Sequence matters! Retrieval practice before generative learning is more effective than the reverse order
In a recent article in Learning and Instruction, Julian Roelle, Linda Froese, Rebecca Krebs, Niklas Obergassel, and Julia Waldeyer published an article discussing the effects of sequencing retrieval practice and generative learning. In other words, does it matter if, after reading a text learners, first carry out retrieval practice on what they’ve read followed by generative learning or vice versa. This was, of course, compared to reading a text twice.
In short, this was the result:
If you want to know more about the article (it’s behind a paywall) then read on.
As follow-up to an initial study phase, both generative learning activities and retrieval practice can substantially enhance learning, but via different functions. Generative activities are theorized to mainly serve the function of constructing coherent mental representations of the learning content that are well integrated with prior knowledge, whereas retrieval practice is theorized to mainly serve the function of consolidating learners’ mental representations in memory. In view of these complementing functions, the present study investigated whether the sequence of these activities matters. In an experiment with N = 158 university students, we varied the sequence of generative learning and retrieval practice after an initial study phase. We found that the retrieval before-generation sequence yielded better retention and reduced cognitive load during both types of activities. We conclude that although it might seem counterintuitive, engaging learners in retrieval practice before engaging them in generative learning can be more beneficial than vice versa.
The authors state:
Generative learning and retrieval practice serve fundamentally different functions and thus promote learning via different mechanisms. Generative learning activities such as elaborating on provided content mainly serve the function of constructing coherent mental representations of the learning content that are well integrated with learners’ prior knowledge, whereas retrieval practice mainly serves the function of consolidating the constructed mental representations in memory. In view of these complementing functions, the combination of generative learning and retrieval practice has received increasing attention in recent years. Surprisingly, however, to date the field has widely ignored one important fundamental question: When learners are engaged in both types of activities – does the sequence matter?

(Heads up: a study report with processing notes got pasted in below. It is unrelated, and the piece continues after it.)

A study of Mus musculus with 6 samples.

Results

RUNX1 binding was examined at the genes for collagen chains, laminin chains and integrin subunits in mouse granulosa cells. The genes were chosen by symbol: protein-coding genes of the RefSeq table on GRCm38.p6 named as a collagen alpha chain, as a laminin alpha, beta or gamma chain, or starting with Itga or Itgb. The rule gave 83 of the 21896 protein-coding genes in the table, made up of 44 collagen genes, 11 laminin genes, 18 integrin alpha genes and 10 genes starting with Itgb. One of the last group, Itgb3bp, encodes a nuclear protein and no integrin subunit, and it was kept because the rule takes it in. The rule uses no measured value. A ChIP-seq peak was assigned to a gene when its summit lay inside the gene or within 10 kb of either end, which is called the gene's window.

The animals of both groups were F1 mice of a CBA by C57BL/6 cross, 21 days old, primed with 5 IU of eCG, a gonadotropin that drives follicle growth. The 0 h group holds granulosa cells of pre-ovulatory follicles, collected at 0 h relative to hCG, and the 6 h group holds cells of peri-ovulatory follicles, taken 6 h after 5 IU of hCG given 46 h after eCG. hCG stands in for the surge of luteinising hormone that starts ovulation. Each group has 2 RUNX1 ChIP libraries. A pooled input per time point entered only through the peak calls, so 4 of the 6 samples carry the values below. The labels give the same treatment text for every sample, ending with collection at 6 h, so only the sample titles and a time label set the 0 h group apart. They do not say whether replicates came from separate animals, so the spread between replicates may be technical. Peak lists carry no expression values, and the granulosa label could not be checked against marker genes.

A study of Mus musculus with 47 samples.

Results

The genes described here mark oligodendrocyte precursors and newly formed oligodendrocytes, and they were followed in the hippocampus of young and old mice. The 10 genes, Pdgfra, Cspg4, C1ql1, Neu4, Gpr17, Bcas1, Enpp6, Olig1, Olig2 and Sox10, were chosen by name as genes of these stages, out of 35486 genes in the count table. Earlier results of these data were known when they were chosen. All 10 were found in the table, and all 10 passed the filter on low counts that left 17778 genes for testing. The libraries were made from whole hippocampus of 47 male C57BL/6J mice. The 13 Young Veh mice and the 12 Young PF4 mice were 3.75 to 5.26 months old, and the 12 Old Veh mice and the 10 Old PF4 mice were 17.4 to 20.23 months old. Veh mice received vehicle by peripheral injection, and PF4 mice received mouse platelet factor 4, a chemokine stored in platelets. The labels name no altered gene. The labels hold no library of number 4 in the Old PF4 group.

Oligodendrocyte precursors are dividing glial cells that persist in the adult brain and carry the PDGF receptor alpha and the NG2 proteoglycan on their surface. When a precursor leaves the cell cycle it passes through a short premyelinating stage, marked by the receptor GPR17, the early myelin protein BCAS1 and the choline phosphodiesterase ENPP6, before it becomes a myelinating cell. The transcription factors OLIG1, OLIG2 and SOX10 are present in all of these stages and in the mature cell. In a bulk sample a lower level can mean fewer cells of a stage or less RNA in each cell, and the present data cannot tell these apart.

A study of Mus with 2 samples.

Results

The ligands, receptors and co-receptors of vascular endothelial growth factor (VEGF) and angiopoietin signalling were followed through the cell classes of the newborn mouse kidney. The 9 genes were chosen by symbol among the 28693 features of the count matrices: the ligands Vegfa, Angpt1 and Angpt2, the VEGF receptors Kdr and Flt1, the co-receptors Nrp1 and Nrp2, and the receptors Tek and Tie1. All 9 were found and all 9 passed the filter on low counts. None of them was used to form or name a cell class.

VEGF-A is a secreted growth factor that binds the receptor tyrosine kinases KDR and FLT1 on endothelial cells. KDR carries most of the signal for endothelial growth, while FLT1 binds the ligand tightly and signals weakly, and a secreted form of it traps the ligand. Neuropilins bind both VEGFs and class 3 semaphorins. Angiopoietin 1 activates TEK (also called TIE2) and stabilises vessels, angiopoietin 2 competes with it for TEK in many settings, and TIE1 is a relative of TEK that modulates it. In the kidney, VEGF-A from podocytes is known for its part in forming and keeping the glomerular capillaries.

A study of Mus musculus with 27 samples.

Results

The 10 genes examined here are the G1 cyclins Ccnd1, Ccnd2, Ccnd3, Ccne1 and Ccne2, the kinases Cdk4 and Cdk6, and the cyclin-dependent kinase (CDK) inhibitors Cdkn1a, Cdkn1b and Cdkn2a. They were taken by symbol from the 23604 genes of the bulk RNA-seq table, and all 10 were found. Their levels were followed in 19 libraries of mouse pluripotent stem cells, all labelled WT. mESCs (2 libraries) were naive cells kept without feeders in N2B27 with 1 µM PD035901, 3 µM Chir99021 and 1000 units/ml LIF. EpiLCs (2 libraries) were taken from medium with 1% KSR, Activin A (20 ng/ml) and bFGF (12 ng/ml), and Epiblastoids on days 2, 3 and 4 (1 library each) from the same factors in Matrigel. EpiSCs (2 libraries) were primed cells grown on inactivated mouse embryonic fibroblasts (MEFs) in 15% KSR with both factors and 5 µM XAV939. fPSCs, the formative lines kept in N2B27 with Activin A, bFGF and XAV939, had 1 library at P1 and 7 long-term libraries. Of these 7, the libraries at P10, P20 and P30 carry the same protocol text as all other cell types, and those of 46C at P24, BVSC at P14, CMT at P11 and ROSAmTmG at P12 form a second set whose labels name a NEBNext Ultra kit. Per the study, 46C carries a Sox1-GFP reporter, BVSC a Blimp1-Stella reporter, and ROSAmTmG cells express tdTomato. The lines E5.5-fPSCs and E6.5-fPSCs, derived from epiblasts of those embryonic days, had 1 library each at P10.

The present study contributes to filling this research gap. After an initial study phase, in which learners read an expository text that covered new concepts, we varied whether learners were engaged in generative learning before retrieval practice or in retrieval practice before generative learning. A sequence in which learners were engaged in restudy twice served as control condition. Pre-post-gains as well as performance and cognitive load in the follow-up learning phases were used as the main dependent variables.
Here’s the setup:
The authors conclude:
In sum, the present study entails the following main contribution: The sequence of generative learning and retrieval practice matters. Although the learners were engaged in the same generative and retrieval practice tasks and did not differ regarding performance on these tasks, the retrieval-before-generative sequence learners reached higher gains from the pretest to the posttest, experienced lower cognitive load during both types of learning tasks and needed less time to perform the learning tasks than the learners who completed the intuitively potentially more plausible generative-before-retrieval sequence. It is too early to make claims about the robustness, underlying mechanisms, and potential moderators of these sequence effects. Yet the present study clearly shows that the sequence and consequently the interplay between generative learning and retrieval practice can affect subjective experiences during learning as well as knowledge acquisition, which is a promising starting point for future research on this topic.